In the wake of last Monday's historic day in New Jersey with same sex marriages beginning to take place in the state, one might be left wondering what the next step or chapter might be.
The most talked about and most likely battle ahead will be one that has been taking place for nearly two years since Governor Chris Christie issued a veto to the bill that would have legalized same sex marriage that was passed by the Democratic-led State Legislature. Senate President Stephen Sweeney (D-3) and Assembly Speaker Sheila Oliver (D-34) have been working among their respective caucuses and general bodies to get the fifteen total votes needed to override Christie's veto. However, securing the extra three votes in the state Senate and twelve votes in the Assembly has not been easy. There is about two more months left before the opportunity to pull off the override will expire.
With the U.S. Supreme Court's dual ruling on same sex marriage in June, the current public opinion polls, and the beginning of same sex marriages under the ruling of a superior court last month; it would seem that there is enough reason and precedence to sway those needed votes who were once "no" votes to "yes" votes. There has been small inklings of hope as one assemblyman who was a "no" vote previously has committed to changing his vote if an override vote took place. Also, a few others have behind closed doors hinted at reversing their initial votes.
As Oliver would state leading up to last Monday,
The votes are beginning to be counted. By Monday (October 21st), you will see marriages being performed in New Jersey. That’s going to influence those sitting on the fence.
State Senator Raymond Lesniak (D-20) would add,
It’s important to get the legislative change on the books. This court was unanimous in its decision that there is not a likelihood the appeal will succeed. On the other hand, courts ultimately do change and Supreme Courts do reverse themselves.
Lesniak along with U.S. Senator-elect Cory Booker were among those hosting same sex marriage ceremonies in the early hours of Monday, October 21st.
Some like Assembly Minority Leader Jon Bramnick (R-23) do not seem as optimistic as Democrats in the State Legislature of successfully getting an override vote at this time.
As Bramnick would exclaim,
Whether or not they post it for a vote, I doubt the Supreme Court will override. From a legal standpoint, not a political one, this issue looks moot. There is not much left to discuss as to whether this is going to be legal in New Jersey.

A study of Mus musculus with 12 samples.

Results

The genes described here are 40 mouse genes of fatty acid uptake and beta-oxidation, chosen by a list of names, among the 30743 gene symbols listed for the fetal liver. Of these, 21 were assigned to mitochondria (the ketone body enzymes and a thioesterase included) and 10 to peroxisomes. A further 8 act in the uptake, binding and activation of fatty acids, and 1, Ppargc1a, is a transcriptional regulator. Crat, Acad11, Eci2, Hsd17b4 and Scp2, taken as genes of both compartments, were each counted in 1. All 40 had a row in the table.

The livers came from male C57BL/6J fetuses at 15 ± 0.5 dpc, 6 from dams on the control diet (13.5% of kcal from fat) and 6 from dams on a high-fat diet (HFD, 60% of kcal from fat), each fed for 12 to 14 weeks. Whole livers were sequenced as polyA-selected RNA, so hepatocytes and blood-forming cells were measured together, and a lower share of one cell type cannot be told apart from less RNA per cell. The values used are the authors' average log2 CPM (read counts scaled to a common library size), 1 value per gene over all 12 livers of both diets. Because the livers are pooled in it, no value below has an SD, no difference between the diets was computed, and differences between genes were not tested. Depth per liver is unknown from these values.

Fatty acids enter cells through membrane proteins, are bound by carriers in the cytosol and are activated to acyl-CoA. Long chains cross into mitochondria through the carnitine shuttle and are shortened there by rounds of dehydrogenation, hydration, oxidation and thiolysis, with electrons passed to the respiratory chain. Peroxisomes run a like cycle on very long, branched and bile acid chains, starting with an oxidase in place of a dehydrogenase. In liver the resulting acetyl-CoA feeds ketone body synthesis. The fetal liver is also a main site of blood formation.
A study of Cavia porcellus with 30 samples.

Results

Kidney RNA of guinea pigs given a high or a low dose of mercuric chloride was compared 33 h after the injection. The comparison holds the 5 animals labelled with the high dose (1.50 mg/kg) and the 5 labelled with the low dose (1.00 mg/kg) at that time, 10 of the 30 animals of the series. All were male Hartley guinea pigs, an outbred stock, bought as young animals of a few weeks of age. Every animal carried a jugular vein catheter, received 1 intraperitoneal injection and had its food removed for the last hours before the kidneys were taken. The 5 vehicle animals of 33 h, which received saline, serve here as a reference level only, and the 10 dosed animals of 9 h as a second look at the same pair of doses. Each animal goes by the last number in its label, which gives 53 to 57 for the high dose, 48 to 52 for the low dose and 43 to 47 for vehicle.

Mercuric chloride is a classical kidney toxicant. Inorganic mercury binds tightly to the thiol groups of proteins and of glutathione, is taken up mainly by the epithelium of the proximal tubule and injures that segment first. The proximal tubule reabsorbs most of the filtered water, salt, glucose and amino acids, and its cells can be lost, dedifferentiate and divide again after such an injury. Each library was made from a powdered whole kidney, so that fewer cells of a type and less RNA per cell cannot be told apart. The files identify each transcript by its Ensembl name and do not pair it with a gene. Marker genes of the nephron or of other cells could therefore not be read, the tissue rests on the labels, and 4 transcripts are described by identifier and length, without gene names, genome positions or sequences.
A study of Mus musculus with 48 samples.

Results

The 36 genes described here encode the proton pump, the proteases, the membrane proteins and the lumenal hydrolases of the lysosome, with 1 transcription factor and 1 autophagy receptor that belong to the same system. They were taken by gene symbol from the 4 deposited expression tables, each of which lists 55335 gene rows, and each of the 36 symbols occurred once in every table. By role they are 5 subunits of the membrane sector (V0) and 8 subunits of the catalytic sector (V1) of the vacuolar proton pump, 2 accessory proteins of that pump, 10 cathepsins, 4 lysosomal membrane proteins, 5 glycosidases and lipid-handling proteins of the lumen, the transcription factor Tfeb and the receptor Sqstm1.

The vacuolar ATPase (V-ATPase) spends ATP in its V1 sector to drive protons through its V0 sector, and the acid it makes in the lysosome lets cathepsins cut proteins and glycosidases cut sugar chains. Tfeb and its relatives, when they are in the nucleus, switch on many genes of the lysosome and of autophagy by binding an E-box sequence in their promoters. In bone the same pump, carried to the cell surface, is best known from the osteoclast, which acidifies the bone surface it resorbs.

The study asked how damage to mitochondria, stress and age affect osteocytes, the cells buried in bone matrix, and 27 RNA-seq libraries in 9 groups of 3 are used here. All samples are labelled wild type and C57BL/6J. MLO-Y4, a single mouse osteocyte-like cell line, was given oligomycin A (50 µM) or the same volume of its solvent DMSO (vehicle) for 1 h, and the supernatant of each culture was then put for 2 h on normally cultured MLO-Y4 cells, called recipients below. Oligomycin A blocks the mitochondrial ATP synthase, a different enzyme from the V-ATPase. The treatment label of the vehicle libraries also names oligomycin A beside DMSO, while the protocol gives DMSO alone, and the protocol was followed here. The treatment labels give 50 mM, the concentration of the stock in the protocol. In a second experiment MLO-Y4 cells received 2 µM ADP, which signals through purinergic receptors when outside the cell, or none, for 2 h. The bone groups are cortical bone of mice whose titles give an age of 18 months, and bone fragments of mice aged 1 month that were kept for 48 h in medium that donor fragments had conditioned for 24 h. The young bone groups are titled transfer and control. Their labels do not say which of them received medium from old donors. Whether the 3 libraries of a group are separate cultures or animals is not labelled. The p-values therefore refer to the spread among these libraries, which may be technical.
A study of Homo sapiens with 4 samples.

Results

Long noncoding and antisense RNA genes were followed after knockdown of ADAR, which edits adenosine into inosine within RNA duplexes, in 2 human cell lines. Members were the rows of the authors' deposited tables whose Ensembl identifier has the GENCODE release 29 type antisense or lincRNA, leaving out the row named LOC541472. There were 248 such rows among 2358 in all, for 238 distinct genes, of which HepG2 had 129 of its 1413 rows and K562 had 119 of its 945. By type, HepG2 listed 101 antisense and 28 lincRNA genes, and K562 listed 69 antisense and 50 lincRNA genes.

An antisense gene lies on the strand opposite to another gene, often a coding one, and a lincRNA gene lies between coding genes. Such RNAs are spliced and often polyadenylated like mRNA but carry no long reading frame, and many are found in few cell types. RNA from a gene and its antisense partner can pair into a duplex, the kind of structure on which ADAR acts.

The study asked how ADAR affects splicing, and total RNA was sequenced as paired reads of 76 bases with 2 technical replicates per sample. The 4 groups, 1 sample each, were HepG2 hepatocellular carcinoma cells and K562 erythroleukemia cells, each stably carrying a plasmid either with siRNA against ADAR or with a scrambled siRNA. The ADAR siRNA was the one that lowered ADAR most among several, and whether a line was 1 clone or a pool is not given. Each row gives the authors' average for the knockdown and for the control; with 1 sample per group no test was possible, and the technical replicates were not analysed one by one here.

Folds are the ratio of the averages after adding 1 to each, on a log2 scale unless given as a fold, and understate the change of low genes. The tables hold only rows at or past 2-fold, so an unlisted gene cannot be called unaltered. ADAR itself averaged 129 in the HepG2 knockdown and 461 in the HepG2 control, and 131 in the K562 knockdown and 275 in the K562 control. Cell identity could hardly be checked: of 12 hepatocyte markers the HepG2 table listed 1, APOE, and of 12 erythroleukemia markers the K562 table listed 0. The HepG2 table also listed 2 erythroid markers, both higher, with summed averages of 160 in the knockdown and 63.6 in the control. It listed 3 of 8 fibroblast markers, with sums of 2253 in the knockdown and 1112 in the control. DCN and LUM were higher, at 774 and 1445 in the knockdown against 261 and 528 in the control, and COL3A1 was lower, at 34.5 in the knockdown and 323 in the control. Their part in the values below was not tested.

While state Senate Majority Leader Loretta Weinberg (D-37) would utter,
For the people that will participate in gay marriage in the future my question is what does it mean if we don't do the override. Obviously right now with the governor having seen the light and withdrawing the appeal, the law in New Jersey grants the recognition of same sex marriage. My question is what is the future legal ramification for us to do or not do an override.
While either forcing an override vote or simply doing nothing are the only options really being discussed, there is a third one that could be on the table. That is issuing a new, clean bill. The State Legislature could take a new vote to legalize same sex marriage and tweak the previous bill's language to further strengthen aspects not covered by the superior court's ruling. Chief among those aspects is religious exemption for clergy and how best to handle civil unions. This new bill would just need majority support like the one that passed nearly two years and give those who voted "no" last time a chance to switch their support in this vote. With this new bill, if Christie were to not sign it into law or veto it and there was a 45 days that followed; it would pass into law.
Over the next couple months, what to do over the failed bill in early 2012 will be discussed as Democratic leaders will look to get their override vote and further cement same sex marriage as law in New Jersey. Thus, it could be said that even with same sex marriage under way; this issue is likely to continue to be contested and hotly debated by both sides.